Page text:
Mary MacLeod, research director of Childline, the free national helpline for children in trouble, based the report on 1,616 callers who identified themselves as being black or belonging to an ethnic minority, or who said racism was a problem in their lives.
She discovered that 430 callers had experienced racist bullying; 247 young people had encountered racism within their families, including 63 callers where pregnancy had resulted from a "forbidden" relationship; 216 had felt religious or cultural pressures; 56 had suffered racist street violence; 26 called about physical, sexual or emotional abuse where racism was a factor; and 14 were experiencing racism at school from teachers or other school staff.
Ms MacLeod says of the child who hated his father because he was black, and other children who had lost their self-esteem: "They felt hated and they felt despised. These feelings were exacerbated by the sense that the views embodied in the harassment were widely held. It is extremely difficult to maintain a sense of self-worth against such relentless persecution as the children here described.
"So it was not surprising, though disquieting, to find that a number of youngsters described feelings of self-hatred and rejection of their colour or culture, and sometimes of their family or parents."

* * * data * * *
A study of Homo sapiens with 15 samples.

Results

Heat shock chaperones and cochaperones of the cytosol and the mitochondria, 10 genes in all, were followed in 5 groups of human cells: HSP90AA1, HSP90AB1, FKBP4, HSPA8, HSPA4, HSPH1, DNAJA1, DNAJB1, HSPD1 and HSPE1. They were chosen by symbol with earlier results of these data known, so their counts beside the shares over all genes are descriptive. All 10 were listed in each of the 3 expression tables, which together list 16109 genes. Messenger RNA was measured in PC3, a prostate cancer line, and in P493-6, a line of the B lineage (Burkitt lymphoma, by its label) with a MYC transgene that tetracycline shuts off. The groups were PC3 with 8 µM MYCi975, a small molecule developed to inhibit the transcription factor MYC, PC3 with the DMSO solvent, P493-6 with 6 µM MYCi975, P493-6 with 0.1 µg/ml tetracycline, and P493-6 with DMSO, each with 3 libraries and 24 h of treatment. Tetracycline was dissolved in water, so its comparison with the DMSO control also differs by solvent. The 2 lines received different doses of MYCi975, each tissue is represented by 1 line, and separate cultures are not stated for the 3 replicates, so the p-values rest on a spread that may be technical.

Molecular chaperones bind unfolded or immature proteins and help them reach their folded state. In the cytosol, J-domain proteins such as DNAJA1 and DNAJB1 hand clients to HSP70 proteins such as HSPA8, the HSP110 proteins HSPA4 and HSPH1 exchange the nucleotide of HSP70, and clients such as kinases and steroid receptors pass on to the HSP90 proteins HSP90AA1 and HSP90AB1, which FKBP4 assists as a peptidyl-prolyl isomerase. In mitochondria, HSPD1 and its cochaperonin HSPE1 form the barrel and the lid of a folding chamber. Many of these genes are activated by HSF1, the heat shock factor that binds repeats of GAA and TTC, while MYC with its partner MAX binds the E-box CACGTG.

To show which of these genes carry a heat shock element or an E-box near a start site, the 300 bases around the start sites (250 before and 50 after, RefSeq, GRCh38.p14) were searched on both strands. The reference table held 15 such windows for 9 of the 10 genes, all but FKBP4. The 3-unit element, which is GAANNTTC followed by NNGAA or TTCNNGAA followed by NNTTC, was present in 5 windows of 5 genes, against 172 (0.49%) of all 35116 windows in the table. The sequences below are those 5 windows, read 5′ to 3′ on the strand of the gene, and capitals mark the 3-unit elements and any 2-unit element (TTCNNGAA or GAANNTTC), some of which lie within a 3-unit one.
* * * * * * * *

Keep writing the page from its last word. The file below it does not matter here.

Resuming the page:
Nineteen of the callers described having attempted suicide or feeling suicidal. This was 4.4 per cent of the sample, a slightly higher rate than the 4 per cent found in the Childline study of bullying across the board.
The 52-page report mainly consists of the children's own descriptions of how they have suffered from racism.
* "I have race problems at school and so does my brother. We're picked on all the time. I get punched and kicked and had my head put down the toilet. "
* "I'm Indian. People at school keep calling me names. . . 'wog', 'paki', 'brownie', 'chocolate drop', things like that. . . there's been physical violence too. . . they pull my hair a lot. . . it's long. . . they spit and burn fags on me. . . my sister gets it too. I feel so angry and depressed. Mum is ill so we don't want to worry her."
* "I'm black and my mum is white . . . She has a new boyfriend who is completely racist . . . He is nice to me when my mum or friends are there, but is horrible when we are alone . . . He says things like, 'You need a bath'. "
Childline offers information and advice to its callers but only meets the children in exceptional circumstances. The report makes 12 recommendations which includes the importance of schools to address racial harassment in their anti-bullying strategies - sadly, some of the most upsetting cases came from rural areas were the caller was the only child from an ethnic minority in the community.
The report also recommends that children should discuss and practise coping strategies for racism; counselling and advice for young people in family conflict; publicly posted information about sources for help in schools and youth, guiding and scouting groups; and anti-racism programmes involving young people themselves. The report ends with the words of Shang, 13, who is Chinese: "I've lived here all my life. . . but I feel left out."
Children and Racism: a Childline study is available at Pounds 3 from Childline (racism report), 2nd Floor, Royal Mail Building, Studd Street, London N1 OQW.